According to the National Association of REALTORS®, Millennials make up the largest share of home buyers in the U.S. In 2020, Millennials, defined as those born between 1981 and 1996, account for more than one in five residents of Virginia. This generation includes the bulk of first-time home buyers, as well as many potential move-up buyers in the market. COVID-19 and the economic recession have led many potential home buyers to press “pause” on their home buying plans. Will Millennials feel financially secure enough to move forward on home buying plans in the weeks and months to come?
The challenges over the past 12 years have left many Millennials on precarious financial footing. While all generations have been impacted by the two most recent recessions, Millennials have had the unique experience of dealing with economic setbacks at key points of starting their careers and families. The average Millennial was 22 years old in 2010 and faced what was the worst employment prospects in generations. The result was higher unemployment, slower wage growth, and rising student debt as young adults were leaving high school and college and looking to start out on their own.
Now, ten years later, as Millennials are reaching the age when prior generations had been achieving the milestones of marriage, childbearing, and homebuying, they are now dealing with the economic fallout of the coronavirus. At the same time, home prices in many markets have reached levels that are increasing putting homeownership out of reach for some Millennials.
According to research from Realtor.com, Millennials may have to delay homeownership because of challenges in coming up with a down payment. According to their analysis, if Millennial renters have to dip into their down payment savings for several months during this economic downtown, their transition to homeownership could be delayed by years.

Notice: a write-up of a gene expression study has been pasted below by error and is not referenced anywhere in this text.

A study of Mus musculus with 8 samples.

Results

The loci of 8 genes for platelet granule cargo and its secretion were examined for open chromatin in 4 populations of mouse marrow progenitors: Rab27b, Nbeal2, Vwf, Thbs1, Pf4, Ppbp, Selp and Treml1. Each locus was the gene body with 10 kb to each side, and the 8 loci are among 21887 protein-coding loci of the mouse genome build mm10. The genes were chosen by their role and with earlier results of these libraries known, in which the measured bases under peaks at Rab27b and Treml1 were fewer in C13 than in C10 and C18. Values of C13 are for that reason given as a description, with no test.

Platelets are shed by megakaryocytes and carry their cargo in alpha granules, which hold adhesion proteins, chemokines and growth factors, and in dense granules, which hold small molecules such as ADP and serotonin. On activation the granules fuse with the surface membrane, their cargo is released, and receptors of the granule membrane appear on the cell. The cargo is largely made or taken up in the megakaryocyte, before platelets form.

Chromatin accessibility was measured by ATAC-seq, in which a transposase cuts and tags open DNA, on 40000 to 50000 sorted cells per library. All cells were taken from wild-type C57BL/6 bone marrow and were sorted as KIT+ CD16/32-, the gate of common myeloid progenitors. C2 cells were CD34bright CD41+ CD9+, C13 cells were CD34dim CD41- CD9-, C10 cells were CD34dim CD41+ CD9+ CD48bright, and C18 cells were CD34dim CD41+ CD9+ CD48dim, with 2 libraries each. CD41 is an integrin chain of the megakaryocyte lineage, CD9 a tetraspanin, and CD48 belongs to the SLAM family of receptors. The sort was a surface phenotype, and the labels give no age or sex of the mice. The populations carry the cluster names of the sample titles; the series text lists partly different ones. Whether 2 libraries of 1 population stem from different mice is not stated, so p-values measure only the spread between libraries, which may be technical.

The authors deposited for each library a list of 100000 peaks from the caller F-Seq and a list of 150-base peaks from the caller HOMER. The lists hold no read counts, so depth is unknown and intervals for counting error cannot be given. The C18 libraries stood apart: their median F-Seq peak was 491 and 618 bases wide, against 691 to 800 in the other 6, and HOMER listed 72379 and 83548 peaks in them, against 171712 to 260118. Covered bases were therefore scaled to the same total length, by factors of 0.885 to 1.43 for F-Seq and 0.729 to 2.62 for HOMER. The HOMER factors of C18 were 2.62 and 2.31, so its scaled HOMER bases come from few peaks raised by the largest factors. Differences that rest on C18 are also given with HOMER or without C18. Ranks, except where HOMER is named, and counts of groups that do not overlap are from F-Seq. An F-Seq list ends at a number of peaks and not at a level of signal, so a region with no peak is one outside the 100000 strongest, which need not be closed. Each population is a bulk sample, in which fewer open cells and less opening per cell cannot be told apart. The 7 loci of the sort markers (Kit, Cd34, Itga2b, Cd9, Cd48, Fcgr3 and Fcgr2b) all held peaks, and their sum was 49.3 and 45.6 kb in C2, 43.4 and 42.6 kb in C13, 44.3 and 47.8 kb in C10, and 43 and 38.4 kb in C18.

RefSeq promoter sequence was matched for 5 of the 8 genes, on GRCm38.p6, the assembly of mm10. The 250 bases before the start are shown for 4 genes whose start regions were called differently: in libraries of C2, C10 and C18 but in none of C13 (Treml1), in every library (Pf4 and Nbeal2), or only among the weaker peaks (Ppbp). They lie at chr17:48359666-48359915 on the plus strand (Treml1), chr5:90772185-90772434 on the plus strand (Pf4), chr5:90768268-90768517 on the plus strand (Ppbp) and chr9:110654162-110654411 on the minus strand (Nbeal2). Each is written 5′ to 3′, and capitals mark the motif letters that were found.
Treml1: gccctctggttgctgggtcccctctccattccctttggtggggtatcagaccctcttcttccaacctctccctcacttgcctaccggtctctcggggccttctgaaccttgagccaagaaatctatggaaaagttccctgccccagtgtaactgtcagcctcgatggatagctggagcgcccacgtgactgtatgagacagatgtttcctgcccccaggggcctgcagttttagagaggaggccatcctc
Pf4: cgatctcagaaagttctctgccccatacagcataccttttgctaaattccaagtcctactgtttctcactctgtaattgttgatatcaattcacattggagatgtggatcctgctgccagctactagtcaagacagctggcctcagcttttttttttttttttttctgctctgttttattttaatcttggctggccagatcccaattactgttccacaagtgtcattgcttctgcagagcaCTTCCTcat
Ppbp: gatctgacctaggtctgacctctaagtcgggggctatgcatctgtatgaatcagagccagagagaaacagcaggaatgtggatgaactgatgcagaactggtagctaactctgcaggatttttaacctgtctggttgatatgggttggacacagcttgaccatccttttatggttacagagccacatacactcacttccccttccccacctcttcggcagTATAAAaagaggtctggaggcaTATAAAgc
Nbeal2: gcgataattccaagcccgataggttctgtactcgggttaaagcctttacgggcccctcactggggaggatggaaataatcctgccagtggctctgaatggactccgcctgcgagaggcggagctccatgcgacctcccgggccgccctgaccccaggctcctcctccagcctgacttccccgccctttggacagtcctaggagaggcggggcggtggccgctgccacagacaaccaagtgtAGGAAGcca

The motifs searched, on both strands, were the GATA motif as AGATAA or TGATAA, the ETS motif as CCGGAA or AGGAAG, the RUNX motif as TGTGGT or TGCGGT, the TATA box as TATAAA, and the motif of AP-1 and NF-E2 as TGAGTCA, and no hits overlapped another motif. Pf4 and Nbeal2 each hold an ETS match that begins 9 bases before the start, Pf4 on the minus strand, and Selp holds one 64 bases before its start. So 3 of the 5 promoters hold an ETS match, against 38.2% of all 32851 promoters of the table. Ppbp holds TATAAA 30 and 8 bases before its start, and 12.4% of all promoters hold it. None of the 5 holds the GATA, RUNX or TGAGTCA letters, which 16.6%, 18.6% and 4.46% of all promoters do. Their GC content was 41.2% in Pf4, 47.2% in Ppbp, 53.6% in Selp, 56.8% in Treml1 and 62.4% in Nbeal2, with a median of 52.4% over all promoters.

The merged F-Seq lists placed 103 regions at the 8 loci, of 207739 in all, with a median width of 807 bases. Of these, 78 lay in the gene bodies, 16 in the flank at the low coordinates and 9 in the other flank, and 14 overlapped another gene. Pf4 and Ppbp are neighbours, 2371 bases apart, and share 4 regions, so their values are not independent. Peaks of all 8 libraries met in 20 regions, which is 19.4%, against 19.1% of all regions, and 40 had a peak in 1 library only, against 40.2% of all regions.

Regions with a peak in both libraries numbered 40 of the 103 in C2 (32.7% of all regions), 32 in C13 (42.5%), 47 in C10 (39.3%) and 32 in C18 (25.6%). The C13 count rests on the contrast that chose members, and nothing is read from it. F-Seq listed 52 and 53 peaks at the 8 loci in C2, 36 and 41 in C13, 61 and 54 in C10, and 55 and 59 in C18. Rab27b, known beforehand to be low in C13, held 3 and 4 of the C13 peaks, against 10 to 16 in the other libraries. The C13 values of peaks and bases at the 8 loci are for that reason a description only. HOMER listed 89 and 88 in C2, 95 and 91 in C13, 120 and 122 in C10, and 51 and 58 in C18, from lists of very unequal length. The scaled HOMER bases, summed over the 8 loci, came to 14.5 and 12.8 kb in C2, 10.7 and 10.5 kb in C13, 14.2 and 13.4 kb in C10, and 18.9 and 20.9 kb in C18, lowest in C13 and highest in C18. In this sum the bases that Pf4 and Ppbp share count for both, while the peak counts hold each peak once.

Despite the challenging economic conditions, there are several positive indicators that suggest that Millennials will be strong force in Virginia’s rebounding housing market:
- While mortgage rates spiked after Friday’s jobs report, overall, the rate on a 30-year fixed-rate mortgage is expected to stay at historically low levels, which will provide an important incentive for first-time home buyers looking to get into the market. On the down side, some lending requirements have become stricter, which could leave out some buyers with less-than-stellar credit or insufficient resources for a down payment.
- Between March and April 2020, Virginia lost 383,400 jobs and the statewide unemployment rate hit 10.6%. While these numbers are staggering, the job losses in Virginia have been highly concentrated in a few sectors of the economy. Millennials with jobs in the Professional & Technical Services, Financial, Manufacturing, and Government sectors have been relatively insulated from job losses during COVID-19. Therefore, many Millennials will be in relatively good financial positions and will be ready to buy a home.
- A result of the COVID-19 pandemic, there could be more people looking to move out of big cities and into smaller communities. The ability to work from home may make living outside of major employment centers more attractive to Millennial families. Looking to buy outside of the state’s more urban areas opens up more affordable choices for first-time home buyers.